Zero or Hero

Over the long run, the price of gold approximates the total amount of money in circulation divided by the size of the gold stock. If the market price of gold moves a long way from this level, it may indicate a buying or selling opportunity.
— Ray Dalio

During a recent investment committee meeting, I recalled a conversation I had back in the early ’80s with a fellow money manager who was much more experienced than me. I asked him what he thought the ideal “paranoid-conservative, set-it-and-forget-it portfolio” would look like. His response: 10% gold for economic uncertainties like hyperinflation and geopolitical stress, and 90% U.S. Treasury bills for stability.

Needless to say, hanging on to this 10/90 portfolio would have required loads of patience and stubbornness over the last three decades. It would have performed quite poorly compared to most other investments during the lion’s share of this period, save for times like the early 2000s Tech Bust and the 2008- 2009 Global Financial Crisis when it temporarily shined. Indeed, compared to the 2,000%+ return that the S&P had over this golden age for U.S. stocks, many would call this portfolio’s 200%+ return a real stinker. For the ability to reduce volatility and have less ups and downs, the paranoid investor would have given up a lot and have been financially damaged.

The 10/90 Portfolio Got Me Thinking

Since that conversation, I’ve been thinking about the 10/90 portfolio as a “conceptual” tool for risk and opportunity management. For most investors, parking 90% of a portfolio in T-bills is a strategy destined to fail over time, as taxes, inflation and insufficient income leads to woefully inadequate real returns. But the 10% portion devoted to protect against “what-if ” scenarios has stuck with me. When financial markets are all rosy, such protection seems useless, a zero so to speak. But when economies and business climates turn stormy, hard assets, for example, used as portfolio protectors can play the role of hero. They can provide a volatility cushion when the investor herd panics during shock events like war, broad market bubble bursts, and major losses of confidence in prominent institutions (for example, central banks). And they can provide a source of capital for bargain hunting, assuming the owner of the heroes is willing to part with them when asset prices elsewhere are severely depressed.


Golds and Govies

The two primary investment holdings that have played the hero/zero role over the years in FIM Group portfolios have been stocks of precious metals-related companies and government bonds of long-regarded safe haven countries like Switzerland. The nice thing about these, if chosen carefully, is that the risk of a true “zero” is very low. Other hero/zero candidates like index options see time value decay, which greatly increases the odds they expire worthless. This permanent destruction of capital is hard for a value investor to stomach. So we do not use speculative options or futures to hedge risks at FIM Group.

At present, throughout our managed strategies, most of our hero/zero holdings are comprised of a select group of individual stocks with precious metals exposure like Silver Wheaton, B2Gold Corp, New Gold, Dundee Precious Metals and U.S. Global Investors. All are well-managed and should be able to survive if markets stay free of “what-if ” scenarios. In fact, our working thesis is that these stocks trade cheap relative to a positive, longer-term global economic scenario of limited new gold and silver supplies (harder and harder to find and mine the stuff) and growing demand as hundreds of millions of new middle classers emerge in precious metals-loving countries like China and India. Against any number of negative “what-if” scenarios, scenarios that envision a period of fear and panic in markets, these precious metals holdings look absurdly cheap.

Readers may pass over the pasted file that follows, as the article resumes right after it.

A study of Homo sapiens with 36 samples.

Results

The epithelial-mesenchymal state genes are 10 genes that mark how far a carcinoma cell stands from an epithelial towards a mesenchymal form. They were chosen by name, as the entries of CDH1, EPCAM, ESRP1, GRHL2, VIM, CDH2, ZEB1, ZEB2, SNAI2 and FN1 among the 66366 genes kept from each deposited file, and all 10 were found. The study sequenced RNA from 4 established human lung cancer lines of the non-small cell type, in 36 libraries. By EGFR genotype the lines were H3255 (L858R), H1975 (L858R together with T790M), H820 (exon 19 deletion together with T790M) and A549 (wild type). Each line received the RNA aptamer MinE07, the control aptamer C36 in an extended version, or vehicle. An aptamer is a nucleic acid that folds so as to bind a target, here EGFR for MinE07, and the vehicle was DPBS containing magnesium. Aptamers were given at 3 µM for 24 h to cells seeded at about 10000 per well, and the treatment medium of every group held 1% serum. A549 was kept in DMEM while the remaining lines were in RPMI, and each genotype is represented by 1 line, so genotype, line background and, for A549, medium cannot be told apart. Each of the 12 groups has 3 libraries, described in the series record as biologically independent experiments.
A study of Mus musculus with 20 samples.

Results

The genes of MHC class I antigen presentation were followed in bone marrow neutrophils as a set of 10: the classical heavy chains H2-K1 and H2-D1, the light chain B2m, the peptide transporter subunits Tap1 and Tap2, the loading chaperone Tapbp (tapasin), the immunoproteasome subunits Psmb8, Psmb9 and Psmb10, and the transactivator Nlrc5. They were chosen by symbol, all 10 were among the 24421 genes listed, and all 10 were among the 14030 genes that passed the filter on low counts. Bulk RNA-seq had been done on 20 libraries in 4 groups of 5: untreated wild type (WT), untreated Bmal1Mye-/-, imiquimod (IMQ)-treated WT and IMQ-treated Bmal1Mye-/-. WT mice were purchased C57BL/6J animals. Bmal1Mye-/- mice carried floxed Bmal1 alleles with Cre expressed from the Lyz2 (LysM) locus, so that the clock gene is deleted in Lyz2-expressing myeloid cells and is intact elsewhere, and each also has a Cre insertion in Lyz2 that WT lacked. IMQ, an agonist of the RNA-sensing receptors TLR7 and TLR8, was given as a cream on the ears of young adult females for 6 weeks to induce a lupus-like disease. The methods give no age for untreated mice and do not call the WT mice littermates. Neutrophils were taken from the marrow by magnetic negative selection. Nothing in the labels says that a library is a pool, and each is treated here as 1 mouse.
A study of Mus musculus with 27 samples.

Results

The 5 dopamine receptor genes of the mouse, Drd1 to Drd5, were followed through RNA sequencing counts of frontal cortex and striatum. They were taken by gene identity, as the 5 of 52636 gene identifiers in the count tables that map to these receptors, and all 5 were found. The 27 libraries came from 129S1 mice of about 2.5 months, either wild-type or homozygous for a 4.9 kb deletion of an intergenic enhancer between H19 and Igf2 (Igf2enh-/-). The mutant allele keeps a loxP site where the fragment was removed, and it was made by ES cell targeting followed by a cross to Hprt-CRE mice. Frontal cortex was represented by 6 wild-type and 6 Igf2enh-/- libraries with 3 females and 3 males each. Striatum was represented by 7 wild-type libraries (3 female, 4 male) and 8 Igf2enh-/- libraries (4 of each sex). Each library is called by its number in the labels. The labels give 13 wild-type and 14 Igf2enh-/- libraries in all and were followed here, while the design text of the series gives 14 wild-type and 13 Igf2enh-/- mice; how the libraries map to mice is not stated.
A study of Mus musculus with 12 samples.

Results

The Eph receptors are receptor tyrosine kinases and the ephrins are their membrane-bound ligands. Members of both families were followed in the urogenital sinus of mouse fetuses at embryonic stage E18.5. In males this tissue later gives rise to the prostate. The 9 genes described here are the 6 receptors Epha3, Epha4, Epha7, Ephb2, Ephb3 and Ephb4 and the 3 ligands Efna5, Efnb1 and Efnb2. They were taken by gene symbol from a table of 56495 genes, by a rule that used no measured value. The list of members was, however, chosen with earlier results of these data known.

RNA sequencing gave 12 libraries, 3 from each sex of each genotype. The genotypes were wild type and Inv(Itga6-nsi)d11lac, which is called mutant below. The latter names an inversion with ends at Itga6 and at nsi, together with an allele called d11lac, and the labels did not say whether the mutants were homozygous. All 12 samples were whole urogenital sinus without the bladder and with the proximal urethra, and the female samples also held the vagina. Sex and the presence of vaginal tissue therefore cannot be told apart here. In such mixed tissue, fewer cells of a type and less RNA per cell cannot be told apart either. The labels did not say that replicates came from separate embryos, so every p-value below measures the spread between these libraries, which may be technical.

As for safe haven government bonds as attractive hero/zero investments, they are much less compelling today than when their coupons were rich in yields. Due to central banker policies that have suppressed bond yields (raised bond prices) around the world, available yields for traditional safe havens are quite paltry. In recent weeks, for example, 10-year Swiss Government bonds were so coveted that they actually offered their owners negative yields (meaning their owners were effectively paying the Swiss government to hold them!). The Swiss franc has also been bid higher against the dollar and now trades not far from its long-term highs. So even though a “what-if” moment could push the franc higher and the yields of Switzerland’s bonds even further into negative territory, it seems like the zero outweighs the hero at this time for Swiss govies. Everything is cyclical, so right now we believe precious metal shares are a better way to go than the Swiss Governments.

Holistic Risk Management


Additionally, we construct portfolios of these holdings in a diversified way that limits concentrations to specific companies, industries, currencies, interest rate scenarios, tax schemes and other variables. And yes, in certain periods (like the current one), we add some “what-if” protection via positions like those mentioned above. At the moment, given scarcity of value in safe haven bond-land and surplus value in precious metal-land, our “10” portion in the portfolios is largely comprised of gold- and silver-related companies. While these holdings may appear to play the role of zeros in this current period of investor complacency, we expect them to emerge as heroes should any number of “what-ifs” shake things up.